FERC Prevails Again in Order No. 1000 Appellate Proceedings
On April 19, 2017, the U.S. Court of Appeals for the D.C. Circuit unanimously upheld the Federal Energy Regulatory Commission’s (FERC) implementation of Order No. 1000 with respect to ISO-New England (ISO-NE). The D.C. Circuit had previously upheld the legality of the order itself in 2014, and the Seventh Circuit upheld FERC’s implementation of Midcontinent Independent System Operator Inc.’s Order No. 1000 compliance plan in 2016. This week’s decision represents another success for FERC and its Order No. 1000 policy objectives.
Order No. 1000 required public utilities to alter their transmission planning and cost allocation methods. The order aimed to improve collaboration among market participants and to improve competition in the electricity market. For example, it requires public utility transmission providers to participate in regional transmission planning efforts. It also requires providers to remove all federal rights of first refusal (ROFR) from their FERC tariffs, which had given incumbent utilities the first choice for building new projects.
In the most recent challenge to Order No. 1000, state regulators and transmission owners challenged FERC’s approval of regional ISO-NE’s compliance filings. Two issues arose in the case: the transmission owners were concerned about the elimination of the ROFR, and the state regulators were concerned about protecting state authority over their rights to approve the construction of transmission facilities.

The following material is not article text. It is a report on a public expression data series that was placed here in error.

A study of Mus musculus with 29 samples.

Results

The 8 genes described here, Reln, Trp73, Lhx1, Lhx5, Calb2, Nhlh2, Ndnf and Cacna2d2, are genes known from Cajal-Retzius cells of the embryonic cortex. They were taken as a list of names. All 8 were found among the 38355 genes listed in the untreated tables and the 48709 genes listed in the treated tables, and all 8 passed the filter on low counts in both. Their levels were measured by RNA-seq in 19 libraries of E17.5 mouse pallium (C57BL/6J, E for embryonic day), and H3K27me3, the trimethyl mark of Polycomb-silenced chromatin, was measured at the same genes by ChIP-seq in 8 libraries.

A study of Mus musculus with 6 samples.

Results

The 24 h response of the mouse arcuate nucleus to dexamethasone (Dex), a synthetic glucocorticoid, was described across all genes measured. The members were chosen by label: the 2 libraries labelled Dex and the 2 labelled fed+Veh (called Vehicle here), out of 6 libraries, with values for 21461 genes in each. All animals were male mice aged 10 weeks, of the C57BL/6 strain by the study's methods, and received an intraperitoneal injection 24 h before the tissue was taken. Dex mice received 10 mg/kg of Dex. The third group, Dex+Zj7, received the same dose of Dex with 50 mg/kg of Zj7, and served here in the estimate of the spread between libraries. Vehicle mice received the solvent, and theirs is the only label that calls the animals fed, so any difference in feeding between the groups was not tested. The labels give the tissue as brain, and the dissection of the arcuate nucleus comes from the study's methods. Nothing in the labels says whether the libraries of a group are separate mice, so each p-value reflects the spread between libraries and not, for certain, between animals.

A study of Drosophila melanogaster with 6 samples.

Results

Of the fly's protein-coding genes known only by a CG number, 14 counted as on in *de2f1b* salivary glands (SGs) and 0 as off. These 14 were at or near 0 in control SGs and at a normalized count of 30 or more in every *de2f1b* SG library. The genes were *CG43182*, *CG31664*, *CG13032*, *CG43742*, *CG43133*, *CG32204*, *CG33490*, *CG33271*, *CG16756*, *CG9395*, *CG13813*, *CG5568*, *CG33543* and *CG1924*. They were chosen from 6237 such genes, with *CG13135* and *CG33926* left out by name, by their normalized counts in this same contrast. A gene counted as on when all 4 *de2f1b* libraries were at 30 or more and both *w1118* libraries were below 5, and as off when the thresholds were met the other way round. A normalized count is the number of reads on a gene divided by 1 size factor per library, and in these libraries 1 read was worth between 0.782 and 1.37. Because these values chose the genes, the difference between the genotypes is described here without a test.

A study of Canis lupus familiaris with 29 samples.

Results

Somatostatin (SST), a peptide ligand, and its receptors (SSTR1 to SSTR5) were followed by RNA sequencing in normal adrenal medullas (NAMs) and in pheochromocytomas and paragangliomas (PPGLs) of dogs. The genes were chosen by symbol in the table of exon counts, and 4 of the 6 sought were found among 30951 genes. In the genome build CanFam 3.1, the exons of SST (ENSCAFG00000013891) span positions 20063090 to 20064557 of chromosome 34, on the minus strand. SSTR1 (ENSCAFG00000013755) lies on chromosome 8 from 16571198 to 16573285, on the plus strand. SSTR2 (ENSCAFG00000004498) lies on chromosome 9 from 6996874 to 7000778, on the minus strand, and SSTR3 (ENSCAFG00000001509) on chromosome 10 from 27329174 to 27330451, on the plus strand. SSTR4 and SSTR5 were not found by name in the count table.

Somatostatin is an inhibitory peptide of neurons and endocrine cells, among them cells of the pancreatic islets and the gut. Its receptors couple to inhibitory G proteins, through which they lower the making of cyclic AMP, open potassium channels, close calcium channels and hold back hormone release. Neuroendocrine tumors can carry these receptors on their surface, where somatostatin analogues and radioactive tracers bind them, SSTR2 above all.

The transmission owners claimed that FERC improperly approved ISO-NE’s proposal to remove the ROFR provisions from its tariff, because FERC had previously approved the Transmission Operating Agreement (TOA) between ISO-NE and the transmission owners. The transmission owners claimed that the Mobile-Sierra doctrine requires FERC to find that the TOA is no longer in the public interest before modifying it, and that FERC’s orders approving ISO-NE’s Order No. 1000 compliance plans had failed to do so. The D.C. Circuit disagreed. It held that FERC adequately supported its decision to change policy and had made the findings necessary under Mobile-Sierra to modify the operating agreement.
The state regulators argued that FERC’s approval of a plan that allows ISO-NE to have the final say in selecting transmission projects for regional planning is harmful to state authority. The D.C. Circuit held that FERC’s decision was consistent with Order No. 1000, and the court’s previous determination that Order No. 1000 did not inappropriately invade state authority.